As viewers look for new ways to integrate TV and video into their social and personal lifestyles, the role of television is evolving and advancing beyond the confines of the living room. As a result, there is a lot of discussion about how service providers and operators can replicate the success of multichannel home TV services with new multiscreen offerings.
Ericsson ConsumerLab research published in August 2012 confirmed that the viewer demand for next-generation TV experiences is already here. The ability to watch content whenever they like is of paramount importance to viewers. On-demand and time-shifted viewing are now ranked as the service that viewers are most willing to pay for, even over high picture quality.
Despite new players entering the market, it is the existing TV service providers that are in a superb position to build on their brand profile and viewer loyalty to take the lead in the next generation of television. To address this, they need to transform their packaged services to meet viewer demand for access to content on any screen. New solutions require tight integration in the back office to harmonize and interconnect every possible screen with one another and any content. This is where working with an external playout services management partner can be effective. (See Figure 1.)
By outsourcing service management, broadcasters can concentrate on their core business: providing great content to their customers. A successful partnership will ensure high-quality operational performance, as well as keep the service offering in line with new viewer trends and usage patterns.
The drivers behind outsourcing
When addressing any changes that are occurring in the TV industry and exploring the roll-out of new services, OPEX is a key focus for broadcasters. Whether they are advertising-funded, public/state broadcasters or pay TV operators, they all face their own unique challenges, yet all share a common aim — to keep pace with the market and new players, and offer the experience that viewers expect, while closely managing their expenditure when enabling new services.
Advertising-funded broadcasters currently face several external factors affecting their revenues. TV viewers are using different devices to consume video, while advertisers are also presented with a number of different platforms on which to reach their target audience. Nielsen’s Global AdPulse Report, published in July 2012, reported that Internet advertising saw the biggest year-on-year increase, with advertisers spending 12.1 percent more in Q1 2012 for the same period in 2011. During that time, ad spend overall increased 3.1 percent globally.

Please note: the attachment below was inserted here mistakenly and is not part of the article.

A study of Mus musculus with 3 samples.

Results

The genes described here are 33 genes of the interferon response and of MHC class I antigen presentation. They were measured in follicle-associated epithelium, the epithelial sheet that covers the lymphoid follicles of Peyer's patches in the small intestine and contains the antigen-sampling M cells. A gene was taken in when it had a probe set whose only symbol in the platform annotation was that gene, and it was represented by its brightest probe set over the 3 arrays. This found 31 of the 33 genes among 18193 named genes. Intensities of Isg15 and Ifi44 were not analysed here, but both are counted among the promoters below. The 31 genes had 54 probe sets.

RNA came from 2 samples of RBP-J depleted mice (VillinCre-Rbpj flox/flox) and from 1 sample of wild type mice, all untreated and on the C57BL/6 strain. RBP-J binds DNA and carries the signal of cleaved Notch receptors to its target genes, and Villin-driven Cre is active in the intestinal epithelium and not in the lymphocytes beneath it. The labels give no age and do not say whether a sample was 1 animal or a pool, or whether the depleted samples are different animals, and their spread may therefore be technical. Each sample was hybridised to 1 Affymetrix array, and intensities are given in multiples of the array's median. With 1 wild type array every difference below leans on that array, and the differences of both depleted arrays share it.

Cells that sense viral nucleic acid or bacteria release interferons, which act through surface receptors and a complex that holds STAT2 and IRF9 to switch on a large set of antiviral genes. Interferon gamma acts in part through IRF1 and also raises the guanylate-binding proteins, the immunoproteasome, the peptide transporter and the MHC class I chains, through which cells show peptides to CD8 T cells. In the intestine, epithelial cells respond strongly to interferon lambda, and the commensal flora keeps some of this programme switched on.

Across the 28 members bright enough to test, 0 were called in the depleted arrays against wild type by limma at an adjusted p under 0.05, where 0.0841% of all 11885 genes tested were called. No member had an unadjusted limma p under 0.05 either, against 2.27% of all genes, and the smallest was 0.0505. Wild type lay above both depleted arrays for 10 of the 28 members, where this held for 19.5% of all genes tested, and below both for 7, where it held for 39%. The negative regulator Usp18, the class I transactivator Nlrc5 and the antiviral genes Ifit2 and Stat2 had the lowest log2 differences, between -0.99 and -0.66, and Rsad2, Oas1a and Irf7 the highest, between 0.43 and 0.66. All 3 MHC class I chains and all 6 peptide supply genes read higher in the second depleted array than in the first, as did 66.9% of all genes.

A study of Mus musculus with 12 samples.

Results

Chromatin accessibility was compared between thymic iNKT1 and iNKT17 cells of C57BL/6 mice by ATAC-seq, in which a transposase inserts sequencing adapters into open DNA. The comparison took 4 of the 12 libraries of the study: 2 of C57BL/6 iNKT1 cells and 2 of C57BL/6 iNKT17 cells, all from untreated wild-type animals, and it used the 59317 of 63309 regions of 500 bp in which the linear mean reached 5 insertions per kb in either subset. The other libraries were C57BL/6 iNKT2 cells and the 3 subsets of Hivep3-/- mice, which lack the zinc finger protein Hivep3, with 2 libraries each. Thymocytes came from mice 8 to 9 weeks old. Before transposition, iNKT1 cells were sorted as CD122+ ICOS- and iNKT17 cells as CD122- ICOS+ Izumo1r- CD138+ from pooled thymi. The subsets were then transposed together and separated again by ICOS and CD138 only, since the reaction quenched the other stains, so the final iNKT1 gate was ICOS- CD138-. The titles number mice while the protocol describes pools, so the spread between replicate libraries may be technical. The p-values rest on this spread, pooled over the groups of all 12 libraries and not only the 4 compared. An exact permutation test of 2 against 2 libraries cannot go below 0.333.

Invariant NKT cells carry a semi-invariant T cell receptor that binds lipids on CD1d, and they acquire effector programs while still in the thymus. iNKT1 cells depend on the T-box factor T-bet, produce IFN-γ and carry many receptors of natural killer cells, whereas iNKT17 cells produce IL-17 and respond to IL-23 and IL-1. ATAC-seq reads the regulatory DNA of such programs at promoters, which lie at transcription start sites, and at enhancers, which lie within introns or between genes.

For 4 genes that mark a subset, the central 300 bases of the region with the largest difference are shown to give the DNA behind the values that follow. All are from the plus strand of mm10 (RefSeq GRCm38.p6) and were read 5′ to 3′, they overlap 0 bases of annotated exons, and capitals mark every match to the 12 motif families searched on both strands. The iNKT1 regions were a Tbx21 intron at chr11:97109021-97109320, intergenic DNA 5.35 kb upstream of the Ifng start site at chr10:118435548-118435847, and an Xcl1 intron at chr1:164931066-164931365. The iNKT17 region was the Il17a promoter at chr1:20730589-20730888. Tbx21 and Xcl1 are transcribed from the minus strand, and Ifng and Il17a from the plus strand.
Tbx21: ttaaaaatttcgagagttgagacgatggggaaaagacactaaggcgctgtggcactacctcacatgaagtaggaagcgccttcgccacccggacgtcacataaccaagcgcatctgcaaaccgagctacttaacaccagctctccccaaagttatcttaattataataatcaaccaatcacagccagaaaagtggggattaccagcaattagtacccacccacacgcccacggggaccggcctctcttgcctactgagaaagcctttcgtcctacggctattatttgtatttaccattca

With ad spend spreading to different platforms and new devices, it is essential that broadcasters embrace these avenues and keep up with emerging trends.
Similarly, pay TV operators face challenges of their own, particularly with services such as Netflix and Hulu entering markets around the world. Viewers are now presented with a great deal of choice, yet they are cautious about spending more money on their subscription, or even considering cancelling their service altogether for more flexible options. However, the 2012 Ericsson ConsumerLab research shows that over the last 12 months, the number of people who have actively reduced (“shaved the cord”) or cancelled (“cut the cord”) their traditional TV packages in favor of newer services has been minimal. On a global scale, just 15 percent of respondents either cancelled (7 percent) or reduced (8 percent) their TV subscription.
Not addressing the changes in the market, however, will lead to increased frustration among viewers. They don’t care about the technology behind the services; they will simply expect to be able to start watching a movie on their main TV set and finish watching it on their tablet in bed, for example. Viewers’ evolution in expectation will continue at great pace.
Likewise, public or state broadcasters are also under pressure to keep up with emerging trends and the new players, but are under pressure to reduce, or at least not increase, spending. With convenience and experience the key drivers of next-generation experiences, viewers will expect the same possibilities for watching content anytime, anywhere, regardless of who their service provider is. This puts a great deal of pressure on public or state broadcasters to look to make OPEX savings wherever possible.
All of these changes mean that we are starting to see more and more broadcasters — whether ad-funded, pay TV or public/state — decide to outsource their infrastructure management so as to focus on their core business of delivery next-generation TV services to viewers.